The NICU Guide and Post Partum Sanity!

My husband and I didn't plan on having a baby in the NICU or a preemie for that matter.  When I got pregnant in April 2012, I was in great shape.  I was running, biking, walking, doing yoga, lifting weights and walking.  I enjoyed being active and felt like this was going to play an big part in an easy and uneventful pregnancy.

Up until about week 20, this was the case.  I was never sick.  I was enjoying work and traveling to see customers.  It was a happy time in my life.

I was a bit uncomfortable in my own skin as my body shape changed, but I was supposed to have this happen.

However, when my pregnancy went wrong, it went off the rails.  Starting my 20th week, at a routine appointment, the doctor discovered that my cervix was shortening and advised me to slow down.  And I did.  I was walking slowly - only for circulation and staying off of my feet.

The next week, my body started to leak fluid, and it was down hill from there.  I was admitted to the hospital for a cerclage and placed on strict bed rest for the remainder of my pregnancy.  I managed to make it to 25 weeks which was my goal at that point!  And the next 6 1/2 months were a roller coaster that we could have never imagined.

If your baby is in the NICU, first let me tell you that there is really to right or wrong way to do it!  There is no guide to tell you what to do and what to expect.  And get used to this phrase, for it will dictate your life for a long time..."Every baby is different."  I heard it so much that I would laugh at the nurses when they would say it in response to questions I had.

I'll be there first to tell you this to remember first a foremost, GET SOME REST!  The NICU for some is a quick in and out stop on the way to your home.  But for an itty bitty like ours, it was a marathon.  Not a sprint, and this ordeal needs to be treated as one.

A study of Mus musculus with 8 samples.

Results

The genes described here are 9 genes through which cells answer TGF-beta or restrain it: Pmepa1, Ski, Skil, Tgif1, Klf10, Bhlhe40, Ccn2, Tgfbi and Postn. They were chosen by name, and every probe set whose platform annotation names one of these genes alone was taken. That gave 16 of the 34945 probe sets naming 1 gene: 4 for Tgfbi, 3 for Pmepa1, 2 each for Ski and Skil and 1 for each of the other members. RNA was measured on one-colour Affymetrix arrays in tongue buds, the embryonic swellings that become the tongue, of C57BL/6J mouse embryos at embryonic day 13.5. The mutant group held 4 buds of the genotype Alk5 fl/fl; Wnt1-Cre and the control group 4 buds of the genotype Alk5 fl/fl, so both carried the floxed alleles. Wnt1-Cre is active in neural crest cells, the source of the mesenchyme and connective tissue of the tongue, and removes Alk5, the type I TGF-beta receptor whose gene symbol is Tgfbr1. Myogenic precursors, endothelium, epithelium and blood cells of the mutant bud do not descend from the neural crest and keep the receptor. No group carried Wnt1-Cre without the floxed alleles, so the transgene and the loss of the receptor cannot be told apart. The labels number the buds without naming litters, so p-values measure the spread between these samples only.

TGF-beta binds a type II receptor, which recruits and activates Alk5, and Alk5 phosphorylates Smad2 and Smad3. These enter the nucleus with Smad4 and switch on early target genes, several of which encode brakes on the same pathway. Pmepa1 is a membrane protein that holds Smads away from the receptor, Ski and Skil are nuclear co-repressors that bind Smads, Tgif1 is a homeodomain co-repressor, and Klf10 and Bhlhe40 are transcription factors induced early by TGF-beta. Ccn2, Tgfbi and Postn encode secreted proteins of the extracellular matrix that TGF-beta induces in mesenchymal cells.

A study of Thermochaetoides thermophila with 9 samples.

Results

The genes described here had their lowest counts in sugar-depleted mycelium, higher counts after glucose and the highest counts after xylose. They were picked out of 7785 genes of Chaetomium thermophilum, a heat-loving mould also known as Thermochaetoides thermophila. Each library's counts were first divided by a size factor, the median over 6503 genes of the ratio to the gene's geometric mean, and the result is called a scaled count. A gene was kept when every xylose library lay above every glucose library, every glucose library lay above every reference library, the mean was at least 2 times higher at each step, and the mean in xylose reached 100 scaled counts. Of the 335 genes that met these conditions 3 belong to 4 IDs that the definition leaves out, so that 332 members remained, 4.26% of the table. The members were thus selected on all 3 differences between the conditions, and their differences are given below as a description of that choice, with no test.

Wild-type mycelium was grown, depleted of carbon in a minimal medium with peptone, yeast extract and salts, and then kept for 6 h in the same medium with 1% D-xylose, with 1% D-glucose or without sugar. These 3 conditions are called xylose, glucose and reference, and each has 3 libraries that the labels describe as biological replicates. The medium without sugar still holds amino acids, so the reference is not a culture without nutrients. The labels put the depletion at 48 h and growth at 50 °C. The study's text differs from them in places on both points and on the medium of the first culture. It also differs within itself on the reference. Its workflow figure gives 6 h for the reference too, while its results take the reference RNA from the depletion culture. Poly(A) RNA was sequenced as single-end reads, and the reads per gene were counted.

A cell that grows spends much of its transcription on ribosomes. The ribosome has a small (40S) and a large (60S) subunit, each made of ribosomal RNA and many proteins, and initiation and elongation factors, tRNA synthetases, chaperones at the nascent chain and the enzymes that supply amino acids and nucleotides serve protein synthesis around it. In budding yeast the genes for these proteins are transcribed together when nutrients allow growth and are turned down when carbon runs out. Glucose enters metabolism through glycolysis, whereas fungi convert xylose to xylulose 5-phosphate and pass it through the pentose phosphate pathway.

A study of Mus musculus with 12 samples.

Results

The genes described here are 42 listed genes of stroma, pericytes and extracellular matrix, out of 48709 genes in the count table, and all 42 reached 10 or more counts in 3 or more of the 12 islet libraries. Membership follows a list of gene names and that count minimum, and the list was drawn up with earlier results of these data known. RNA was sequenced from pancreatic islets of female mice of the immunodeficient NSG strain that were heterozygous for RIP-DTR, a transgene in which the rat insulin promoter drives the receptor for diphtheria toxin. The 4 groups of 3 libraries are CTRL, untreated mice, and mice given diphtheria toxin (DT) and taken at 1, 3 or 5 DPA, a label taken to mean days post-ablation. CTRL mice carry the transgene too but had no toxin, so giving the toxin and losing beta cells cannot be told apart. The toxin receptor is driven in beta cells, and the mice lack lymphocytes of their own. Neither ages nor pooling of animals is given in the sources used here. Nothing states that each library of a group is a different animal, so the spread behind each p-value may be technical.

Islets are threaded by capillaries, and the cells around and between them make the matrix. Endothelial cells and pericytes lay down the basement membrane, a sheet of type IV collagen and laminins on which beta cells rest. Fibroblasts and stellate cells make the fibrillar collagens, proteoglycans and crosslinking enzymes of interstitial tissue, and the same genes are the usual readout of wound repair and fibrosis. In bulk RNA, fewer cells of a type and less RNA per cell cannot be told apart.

I made lots of mistakes along the way, but a mom can make it!  I did, and I know lots of others that have too.
  1. Try to have a normal routine of meals and sleep as much as time will allow.
  2. Pack snacks in your bag such as fruit, water and granola for unexpected and non routine days that through everything out of sync.
  3. Write down your questions, even if you wake up in the night and have them so that you can be well informed.
  4. Remember that there are no dumb questions.
  5. When you feel yourself getting overly emotional and angry, let the nurses know that you aren't taking out your anger on them that you are having a difficult day.
  6. Always say thank you to the doctors and nurses and let them know about the good job you see them doing on a daily basis!  They have a thankless job that is very hard!
  7. Talk to your baby, hold his/her finger, change diapers if possible - bond with your baby in any way that the hospital will allow and ask - How can I help with my baby's care?  The staff will let you know.
  8. Maintain friendships and don't shut people out!  You will need them!
  9. When people say harsh, seemingly dumb and cruel things - remember that most people can't relate and they don't mean to say things that make you want to pull our your hair and theirs while you are at it!
  10. Ask and allow people to help you!  You will need help from others more at this time in your life now than ever.
  11. Know that it is okay to wear yoga pants, tee shirts and tennis shoes every day of the week!  It isn't a beauty pageant.
  12. Take at least one day a week to go on a date with your significant other.  Living at the hospital isn't good for anyone!
  13. Find things that are good to read or listen to!  Books on tape and podcasts are a great way to pass the time!  
  14. On days that you can and it makes sense, put on make up or dress up just because you can.  You will feel better and different!
  15. If you are feeling overwhelmed, talk to a priest, minister or counselor to unload and get some clarity.  The emotional stress is on some days more than you can take for both you and your family!